Dr Patricia Deverka Addresses Potential Disparities in Multicancer Early Detection Tests

Providing insurance coverage for multicancer early detection (MCED) tests is vital to reduce disparities in access, said Patricia Deverka, MD, MS, senior researcher, deputy director at the Center for Translational and Policy Research and Precision Medicine, University of California San Francisco.

Patricia Deverka, MD, MS, senior researcher, deputy director at the Center for Translational and Policy Research and Precision Medicine, University of California San Francisco, talks about the ways multicancer early detection (MCED) tests can reduce disparities.

Transcript

How can MCED tests both reduce or widen disparities in cancer screening, and what are some possible solutions?

I think there are some theoretical ways that these tests could reduce disparities. I say that because, currently, we don't have clear evidence that these tests have net benefits; we haven't demonstrated clinical utility yet. With that sort of caveat, I do think that, potentially, the ease of use of a single blood draw could potentially reduce disparities if there were barriers to access to screening tests for certain disadvantaged populations, whether that be geography or socioeconomic status or cultural beliefs, so that may help to reduce disparities.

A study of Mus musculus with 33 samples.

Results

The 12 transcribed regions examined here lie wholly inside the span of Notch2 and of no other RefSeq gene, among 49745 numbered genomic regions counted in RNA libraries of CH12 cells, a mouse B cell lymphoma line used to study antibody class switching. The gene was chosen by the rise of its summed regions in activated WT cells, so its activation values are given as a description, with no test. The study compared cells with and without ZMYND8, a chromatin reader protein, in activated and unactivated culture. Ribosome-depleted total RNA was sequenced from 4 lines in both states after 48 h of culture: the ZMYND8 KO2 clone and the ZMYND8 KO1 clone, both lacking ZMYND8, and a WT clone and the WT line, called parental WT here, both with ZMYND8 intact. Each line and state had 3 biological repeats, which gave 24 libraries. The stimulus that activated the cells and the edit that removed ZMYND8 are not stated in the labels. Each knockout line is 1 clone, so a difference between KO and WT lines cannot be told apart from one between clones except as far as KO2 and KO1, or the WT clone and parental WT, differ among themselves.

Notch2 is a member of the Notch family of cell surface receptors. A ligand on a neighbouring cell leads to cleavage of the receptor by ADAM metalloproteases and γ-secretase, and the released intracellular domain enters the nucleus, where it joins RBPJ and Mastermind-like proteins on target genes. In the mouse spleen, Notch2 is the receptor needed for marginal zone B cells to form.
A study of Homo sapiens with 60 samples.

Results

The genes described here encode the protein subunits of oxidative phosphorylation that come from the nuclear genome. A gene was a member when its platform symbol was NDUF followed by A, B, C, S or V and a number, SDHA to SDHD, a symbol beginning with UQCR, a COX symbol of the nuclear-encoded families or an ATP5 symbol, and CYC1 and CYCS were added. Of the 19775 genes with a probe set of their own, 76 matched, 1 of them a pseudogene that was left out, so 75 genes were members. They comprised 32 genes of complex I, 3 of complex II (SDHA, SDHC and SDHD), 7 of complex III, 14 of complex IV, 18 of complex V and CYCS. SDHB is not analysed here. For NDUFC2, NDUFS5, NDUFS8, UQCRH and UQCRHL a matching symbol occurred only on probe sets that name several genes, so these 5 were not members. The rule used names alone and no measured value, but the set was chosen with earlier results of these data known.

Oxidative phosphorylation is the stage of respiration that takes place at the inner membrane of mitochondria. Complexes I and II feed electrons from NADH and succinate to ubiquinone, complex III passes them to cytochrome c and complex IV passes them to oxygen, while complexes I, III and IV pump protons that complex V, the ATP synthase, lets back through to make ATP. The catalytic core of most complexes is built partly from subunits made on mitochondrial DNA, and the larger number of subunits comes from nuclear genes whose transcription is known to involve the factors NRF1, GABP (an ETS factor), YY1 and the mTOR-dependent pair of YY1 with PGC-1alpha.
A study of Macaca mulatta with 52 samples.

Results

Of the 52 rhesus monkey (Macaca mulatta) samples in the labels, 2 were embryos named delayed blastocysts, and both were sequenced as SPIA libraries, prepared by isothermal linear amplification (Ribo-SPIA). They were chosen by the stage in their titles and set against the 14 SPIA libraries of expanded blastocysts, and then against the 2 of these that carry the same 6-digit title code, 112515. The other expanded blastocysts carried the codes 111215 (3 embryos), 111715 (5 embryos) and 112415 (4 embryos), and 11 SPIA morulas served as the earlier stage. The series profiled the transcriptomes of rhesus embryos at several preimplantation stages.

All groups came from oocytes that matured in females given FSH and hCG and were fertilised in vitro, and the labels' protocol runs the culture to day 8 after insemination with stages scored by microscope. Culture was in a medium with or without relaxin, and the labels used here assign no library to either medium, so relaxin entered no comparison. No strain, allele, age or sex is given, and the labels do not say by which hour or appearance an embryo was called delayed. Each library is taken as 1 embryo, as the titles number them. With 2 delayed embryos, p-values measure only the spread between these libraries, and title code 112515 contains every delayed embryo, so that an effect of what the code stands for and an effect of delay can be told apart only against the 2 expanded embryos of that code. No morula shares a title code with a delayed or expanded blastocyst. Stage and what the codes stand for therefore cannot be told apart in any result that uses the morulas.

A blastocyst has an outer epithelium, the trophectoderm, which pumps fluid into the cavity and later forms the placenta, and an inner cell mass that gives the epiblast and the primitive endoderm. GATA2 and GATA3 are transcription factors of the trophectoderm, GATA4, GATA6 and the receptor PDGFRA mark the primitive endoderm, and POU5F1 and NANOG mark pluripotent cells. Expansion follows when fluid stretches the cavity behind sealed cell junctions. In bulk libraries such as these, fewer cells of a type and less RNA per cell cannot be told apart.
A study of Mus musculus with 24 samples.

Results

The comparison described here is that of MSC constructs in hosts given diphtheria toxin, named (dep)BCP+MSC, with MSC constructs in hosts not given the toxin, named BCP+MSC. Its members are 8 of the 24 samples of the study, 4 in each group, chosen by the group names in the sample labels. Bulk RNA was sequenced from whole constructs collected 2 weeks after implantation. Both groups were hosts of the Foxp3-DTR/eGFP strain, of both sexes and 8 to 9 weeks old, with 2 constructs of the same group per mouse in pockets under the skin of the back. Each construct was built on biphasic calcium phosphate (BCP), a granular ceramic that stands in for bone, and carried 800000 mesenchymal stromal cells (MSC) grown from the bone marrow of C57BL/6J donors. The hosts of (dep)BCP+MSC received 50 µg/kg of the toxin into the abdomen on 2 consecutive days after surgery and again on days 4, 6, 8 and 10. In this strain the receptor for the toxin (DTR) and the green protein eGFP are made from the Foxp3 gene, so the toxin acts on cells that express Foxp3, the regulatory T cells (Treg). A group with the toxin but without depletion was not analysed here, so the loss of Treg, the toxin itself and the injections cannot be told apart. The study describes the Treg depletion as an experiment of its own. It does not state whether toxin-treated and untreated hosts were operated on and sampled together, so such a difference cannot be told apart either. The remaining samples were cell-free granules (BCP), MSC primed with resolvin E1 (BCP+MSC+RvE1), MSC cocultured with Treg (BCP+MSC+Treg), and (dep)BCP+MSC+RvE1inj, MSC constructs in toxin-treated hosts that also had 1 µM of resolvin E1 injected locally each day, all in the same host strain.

I also think if they can detect more aggressive cancers, we know that those disproportionately affect minority patients, so that could potentially be a way to reduce disparities. Frankly, most people can't pay $1000 out-of-pocket for 1 of these tests. The biggest way to reduce disparities, again assuming that these tests have clinical utility, is to provide insurance coverage. Many screening tests, for example those with the USPSTF rating of A or B, have first dollar coverage, meaning there's no out-of-pocket expense for access to the screening test. I think all of those would be important because, currently, the only people right now that have access to the test are people that can pay out-of-pocket. It may also be that some physicians that treat the majority of their patient population are disadvantaged patients. They may need additional educational support to make sure that there's appropriate use of these tests.